Has Your Business Fallen Behind In Its Incident Response Strategy?

Incident Response plans are proving to be a key element in data breach recovery. That’s why proactive industry leaders are adding and updating these strategies.  

Incident Response Planning

Entrepreneurs and other decision-makers are acutely aware that doing business in the digital age requires robust cybersecurity. Most companies employ standard anti-virus scans, firewalls, and other commonplace measures to protect valuable data. But we are all just as keenly aware that the number of debilitating data breaches suffered continues to uptick despite business leaders’ best efforts.

From 2017 to 2018, the number of exposed records increased from 197 million to more than 446 million, according to reports. Cybercriminals will ultimately continue their efforts to come up with increasingly deceptive ways to penetrate business networks and leverage personal identity files, financial records, and other information that can be ransomed or sold on the dark web. How your organization responds to a breach could have lasting implications about business sustainability. That’s why companies now need an Incident Response plan embedded into their cybersecurity strategy.

What Does An Incident Response Plan Entail?

Proactive business leaders are enlisting the help of cybersecurity experts to create a viable response to an otherwise debilitating breach. These plans are crafted with input from key stakeholders to be ready to identify, contain, mitigate, and make a full recovery from a cyber-attack.

What many industry professionals may not realize — until it’s too late — is that recovery from data and financial loss could be the least of your problems. When employees, shareholders, and other businesses are impacted due to a hack of your network, you could be facing civil litigation. With that goes the industry reputation you worked so hard to develop. To truly recover from a systems hack, industry leaders are pulling together their resources to implement a six-phase Incident Response plan.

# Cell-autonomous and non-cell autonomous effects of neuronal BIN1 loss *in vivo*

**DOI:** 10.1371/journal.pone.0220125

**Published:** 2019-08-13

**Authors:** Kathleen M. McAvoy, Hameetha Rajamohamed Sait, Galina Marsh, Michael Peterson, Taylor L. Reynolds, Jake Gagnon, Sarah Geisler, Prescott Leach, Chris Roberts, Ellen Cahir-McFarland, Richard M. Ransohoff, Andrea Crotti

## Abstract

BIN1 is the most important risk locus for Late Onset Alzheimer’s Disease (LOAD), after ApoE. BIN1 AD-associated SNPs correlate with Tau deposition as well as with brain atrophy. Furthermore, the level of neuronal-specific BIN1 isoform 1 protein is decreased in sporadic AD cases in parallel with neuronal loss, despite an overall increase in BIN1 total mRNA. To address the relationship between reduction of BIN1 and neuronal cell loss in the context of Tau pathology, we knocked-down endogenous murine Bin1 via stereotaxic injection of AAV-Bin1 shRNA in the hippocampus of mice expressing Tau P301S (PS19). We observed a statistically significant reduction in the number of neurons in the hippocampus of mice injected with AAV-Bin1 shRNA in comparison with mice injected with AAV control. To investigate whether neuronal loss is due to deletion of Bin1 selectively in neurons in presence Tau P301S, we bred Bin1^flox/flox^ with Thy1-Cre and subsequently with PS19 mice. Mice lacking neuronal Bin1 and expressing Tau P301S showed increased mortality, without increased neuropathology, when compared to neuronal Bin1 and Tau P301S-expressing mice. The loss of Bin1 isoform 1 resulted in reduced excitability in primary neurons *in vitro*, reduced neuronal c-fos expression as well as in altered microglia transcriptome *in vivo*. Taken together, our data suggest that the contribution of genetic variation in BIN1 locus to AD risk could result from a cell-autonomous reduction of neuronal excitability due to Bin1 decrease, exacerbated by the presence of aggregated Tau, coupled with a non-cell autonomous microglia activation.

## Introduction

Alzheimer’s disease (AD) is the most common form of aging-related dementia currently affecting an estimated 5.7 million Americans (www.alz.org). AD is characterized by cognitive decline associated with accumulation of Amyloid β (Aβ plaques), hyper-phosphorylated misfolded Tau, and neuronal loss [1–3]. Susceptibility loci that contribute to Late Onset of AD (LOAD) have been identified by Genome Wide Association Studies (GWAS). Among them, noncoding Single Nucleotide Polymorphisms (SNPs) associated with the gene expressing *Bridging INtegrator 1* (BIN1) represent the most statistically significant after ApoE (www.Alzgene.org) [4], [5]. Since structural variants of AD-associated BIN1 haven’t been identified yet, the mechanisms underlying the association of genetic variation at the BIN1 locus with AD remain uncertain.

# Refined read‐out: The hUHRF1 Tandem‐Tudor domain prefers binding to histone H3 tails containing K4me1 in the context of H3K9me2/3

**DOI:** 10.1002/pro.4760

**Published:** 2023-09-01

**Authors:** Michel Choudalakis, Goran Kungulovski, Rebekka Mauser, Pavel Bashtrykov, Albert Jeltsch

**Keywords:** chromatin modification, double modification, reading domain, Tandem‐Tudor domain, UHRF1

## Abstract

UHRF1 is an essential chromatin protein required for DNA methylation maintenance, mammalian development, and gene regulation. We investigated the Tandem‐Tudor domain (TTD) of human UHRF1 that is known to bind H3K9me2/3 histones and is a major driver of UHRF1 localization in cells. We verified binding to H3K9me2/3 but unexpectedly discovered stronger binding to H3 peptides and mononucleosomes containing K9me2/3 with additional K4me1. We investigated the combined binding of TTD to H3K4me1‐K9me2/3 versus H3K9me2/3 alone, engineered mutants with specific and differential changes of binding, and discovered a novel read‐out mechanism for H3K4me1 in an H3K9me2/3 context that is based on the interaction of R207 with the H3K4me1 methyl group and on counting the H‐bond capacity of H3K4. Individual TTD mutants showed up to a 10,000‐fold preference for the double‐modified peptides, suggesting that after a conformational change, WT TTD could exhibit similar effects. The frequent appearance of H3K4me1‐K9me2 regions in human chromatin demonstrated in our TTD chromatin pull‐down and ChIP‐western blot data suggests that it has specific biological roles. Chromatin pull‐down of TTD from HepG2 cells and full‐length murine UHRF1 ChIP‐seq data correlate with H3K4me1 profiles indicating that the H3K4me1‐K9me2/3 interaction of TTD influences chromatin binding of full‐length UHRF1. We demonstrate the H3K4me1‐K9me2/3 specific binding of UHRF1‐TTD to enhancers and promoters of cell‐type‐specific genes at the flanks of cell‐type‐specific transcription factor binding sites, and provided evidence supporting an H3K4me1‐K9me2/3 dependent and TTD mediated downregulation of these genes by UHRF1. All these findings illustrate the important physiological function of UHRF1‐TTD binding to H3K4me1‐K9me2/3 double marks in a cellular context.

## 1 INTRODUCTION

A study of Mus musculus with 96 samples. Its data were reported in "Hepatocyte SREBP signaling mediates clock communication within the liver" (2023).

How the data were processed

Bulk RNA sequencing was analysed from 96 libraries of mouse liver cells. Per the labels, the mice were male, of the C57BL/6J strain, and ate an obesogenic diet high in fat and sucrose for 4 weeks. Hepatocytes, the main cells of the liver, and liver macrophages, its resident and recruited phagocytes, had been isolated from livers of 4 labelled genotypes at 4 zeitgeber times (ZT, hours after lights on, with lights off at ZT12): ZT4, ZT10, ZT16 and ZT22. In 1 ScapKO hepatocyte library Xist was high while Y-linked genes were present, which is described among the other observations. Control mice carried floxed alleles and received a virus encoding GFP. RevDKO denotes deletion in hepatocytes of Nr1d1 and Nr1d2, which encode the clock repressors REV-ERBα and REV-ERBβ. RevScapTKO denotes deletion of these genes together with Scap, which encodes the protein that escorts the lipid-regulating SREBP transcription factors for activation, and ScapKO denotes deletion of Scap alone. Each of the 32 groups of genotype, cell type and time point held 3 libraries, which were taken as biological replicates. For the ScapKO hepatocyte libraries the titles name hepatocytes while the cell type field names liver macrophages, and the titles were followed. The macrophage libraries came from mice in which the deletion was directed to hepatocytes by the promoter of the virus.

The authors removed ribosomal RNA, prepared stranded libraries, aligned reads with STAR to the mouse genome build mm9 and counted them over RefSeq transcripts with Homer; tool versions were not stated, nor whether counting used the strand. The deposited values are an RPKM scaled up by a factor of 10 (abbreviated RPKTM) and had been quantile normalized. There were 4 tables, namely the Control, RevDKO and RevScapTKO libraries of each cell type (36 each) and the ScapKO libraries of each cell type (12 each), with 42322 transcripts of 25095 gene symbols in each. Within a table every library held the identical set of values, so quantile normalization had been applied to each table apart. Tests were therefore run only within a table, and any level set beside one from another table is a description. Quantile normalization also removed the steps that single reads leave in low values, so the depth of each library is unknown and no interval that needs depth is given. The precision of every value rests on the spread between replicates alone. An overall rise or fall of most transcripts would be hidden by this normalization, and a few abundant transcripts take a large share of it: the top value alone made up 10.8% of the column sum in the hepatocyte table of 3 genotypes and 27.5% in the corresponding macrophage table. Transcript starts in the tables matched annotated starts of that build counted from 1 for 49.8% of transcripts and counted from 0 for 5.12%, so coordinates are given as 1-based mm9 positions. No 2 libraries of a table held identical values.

How To Develop A 6-Phase Incident Response Plan

It’s imperative that decision-makers understand that a robust Incident Response plan is not a set-it-and-forget-it endeavor. As part of your overarching cybersecurity strategy, it will need to be revisited regularly. That’s mostly because digital bandits are ceaselessly finding innovative ways to penetrate business defenses. Regardless of their criminal activity, a deftly implemented Incident Response plan delivers results. These are the six necessary phases.

  • Preparedness: This phase calls for your valued team members to be trained to manage their clearly outlined responsibilities in the event of a cyber-attack. Common strategies for readiness include running mock breaches and ongoing education.
  • Threat Identification: A hacker can attempt to breach your system in a variety of ways. Targeting endpoint devices and convincing an unsuspecting employee to log in or click on a malicious link is among the most prevalent. Having the ability to identify threats and breach entry points promptly reduces response time.
  • Damage Containment: From the moment a breach or cybersecurity incident occurs, your ability to deter the spread of malicious software or the removal of data ranks among the most crucial ways to control the damage. Hackers may decide to destroy files after their theft to erase digital fingerprints. It’s in your best interest to have methods in place to swiftly regain control.
  • Eliminate Threat: Once you have secured control over your data, eliminating the threat must be decisive. The cause may be malicious software or login and password penetration. Whatever allowed the cybercriminal into your business system, it must be stamped out immediately.
  • Begin Recovery: Once you are satisfied that the threat has been eliminated, the team members tasked with restoring systems and data can do their job. Having an actionable Incident Response plan likely helped save essential data and shortened the time your operation was offline. If you believe other parties could be impacted, notify them promptly.
  • Post-Mortem Analysis: In the aftermath of a cyber-attack, specific team members should be designated to gather information and create a report to share with key stakeholders. There are valuable lessons to be learned that can make your organization better prepared the next time.

Although every business wants to be ready to defend against a cyberthreatThe Third Annual Study on the Cyber Resilient Organization indicates that upwards of 77 percent do not have a clearly articulated Incident Response plan in place. If your organization has not implemented an Incident Response strategy, we would like input about enhancing an existing one. It may be in your best interest to enlist a third-party cybersecurity consultant.